The U.S. Commodity Futures Trading Commission may delay some Dodd-Frank Act overseas swaps rules for about six months, part of a wave of last-minute exemptions and postponements to ease transition to new regulations.
The derivatives regulator may put off compliance for overseas-based operations of banks including JPMorgan Chase & Co. and Goldman Sachs Group Inc. for some risk-management rules that begin to take effect at the end of the month, according to two people who asked not to be identified because the delay hasn’t been made public. The agency has already released more than 40 no-action letters postponing other Dodd-Frank rules, and officials have signaled that more are coming.
“Maybe four years from now someone will ask why they issued all these no-action letters taking all the teeth out of the law,” Jeffrey Harris, a Syracuse University finance professor and former CFTC chief economist, said in a Dec. 4 telephone interview. “There needs to be some method and mechanism to go back and revisit these once final rules are in place.”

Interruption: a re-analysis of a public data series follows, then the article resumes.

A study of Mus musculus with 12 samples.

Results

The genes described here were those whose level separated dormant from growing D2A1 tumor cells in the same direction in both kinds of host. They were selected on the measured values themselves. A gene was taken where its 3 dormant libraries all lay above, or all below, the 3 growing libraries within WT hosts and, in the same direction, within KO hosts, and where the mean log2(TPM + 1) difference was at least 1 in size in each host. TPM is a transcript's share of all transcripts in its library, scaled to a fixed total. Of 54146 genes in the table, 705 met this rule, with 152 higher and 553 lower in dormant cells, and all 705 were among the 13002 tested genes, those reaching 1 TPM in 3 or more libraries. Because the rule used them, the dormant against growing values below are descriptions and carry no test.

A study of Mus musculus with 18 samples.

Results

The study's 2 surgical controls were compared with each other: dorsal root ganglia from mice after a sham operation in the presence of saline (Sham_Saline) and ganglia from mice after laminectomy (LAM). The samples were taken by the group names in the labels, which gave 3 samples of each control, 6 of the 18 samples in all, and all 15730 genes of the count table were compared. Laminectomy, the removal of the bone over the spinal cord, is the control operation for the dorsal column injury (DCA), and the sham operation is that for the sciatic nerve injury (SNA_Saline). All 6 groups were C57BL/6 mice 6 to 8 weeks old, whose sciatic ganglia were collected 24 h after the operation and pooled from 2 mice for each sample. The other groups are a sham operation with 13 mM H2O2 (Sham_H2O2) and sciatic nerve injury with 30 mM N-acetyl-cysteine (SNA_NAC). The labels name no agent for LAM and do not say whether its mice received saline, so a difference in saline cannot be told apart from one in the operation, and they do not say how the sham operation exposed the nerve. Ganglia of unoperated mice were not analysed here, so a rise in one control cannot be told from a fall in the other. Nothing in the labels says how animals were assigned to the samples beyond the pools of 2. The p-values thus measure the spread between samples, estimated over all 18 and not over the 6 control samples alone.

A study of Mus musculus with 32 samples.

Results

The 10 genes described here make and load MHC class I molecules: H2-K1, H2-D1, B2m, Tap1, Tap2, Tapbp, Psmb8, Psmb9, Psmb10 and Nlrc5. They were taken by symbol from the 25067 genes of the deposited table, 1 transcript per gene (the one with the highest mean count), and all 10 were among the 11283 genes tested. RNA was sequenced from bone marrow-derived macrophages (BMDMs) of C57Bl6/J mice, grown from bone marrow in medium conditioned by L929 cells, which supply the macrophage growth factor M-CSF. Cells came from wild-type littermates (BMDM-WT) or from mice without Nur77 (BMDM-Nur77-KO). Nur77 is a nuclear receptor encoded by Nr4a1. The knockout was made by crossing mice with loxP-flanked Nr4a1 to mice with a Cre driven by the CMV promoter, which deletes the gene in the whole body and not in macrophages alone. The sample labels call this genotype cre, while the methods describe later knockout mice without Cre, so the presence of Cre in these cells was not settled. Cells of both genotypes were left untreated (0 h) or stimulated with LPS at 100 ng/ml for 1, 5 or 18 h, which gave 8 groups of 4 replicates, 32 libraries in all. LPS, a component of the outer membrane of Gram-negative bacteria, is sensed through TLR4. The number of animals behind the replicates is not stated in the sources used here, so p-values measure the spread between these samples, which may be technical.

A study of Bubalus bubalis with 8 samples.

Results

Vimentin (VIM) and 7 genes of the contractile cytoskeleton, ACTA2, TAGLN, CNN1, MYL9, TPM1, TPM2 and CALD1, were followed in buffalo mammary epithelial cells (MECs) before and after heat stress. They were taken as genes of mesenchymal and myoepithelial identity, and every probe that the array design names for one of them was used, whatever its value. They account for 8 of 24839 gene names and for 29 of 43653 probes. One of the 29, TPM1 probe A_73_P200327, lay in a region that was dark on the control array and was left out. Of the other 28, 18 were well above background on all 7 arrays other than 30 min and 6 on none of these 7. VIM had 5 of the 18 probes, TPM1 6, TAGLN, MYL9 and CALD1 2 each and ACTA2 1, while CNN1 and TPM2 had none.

Between Oct. 26 and Nov. 29, the CFTC gave 10 banks, including JPMorgan, Goldman Sachs and Barclays Plc., delays in how quickly they must decide to accept or reject trades for clearing. The letters weren’t immediately posted on the CFTC’s website when they were released to banks. The rule was originally supposed to take effect Oct. 1; the banks now have until Jan. 1. Meanwhile, LCH received a delay on a related rule and won’t need to meet CFTC requirements until March 31.
Last week, the CFTC withdrew the section of the document that was referenced by CME in the lawsuit. And the agency sought comment on CME’s proposed policy of having data on swaps at its clearinghouse routed to its own swap-data repository.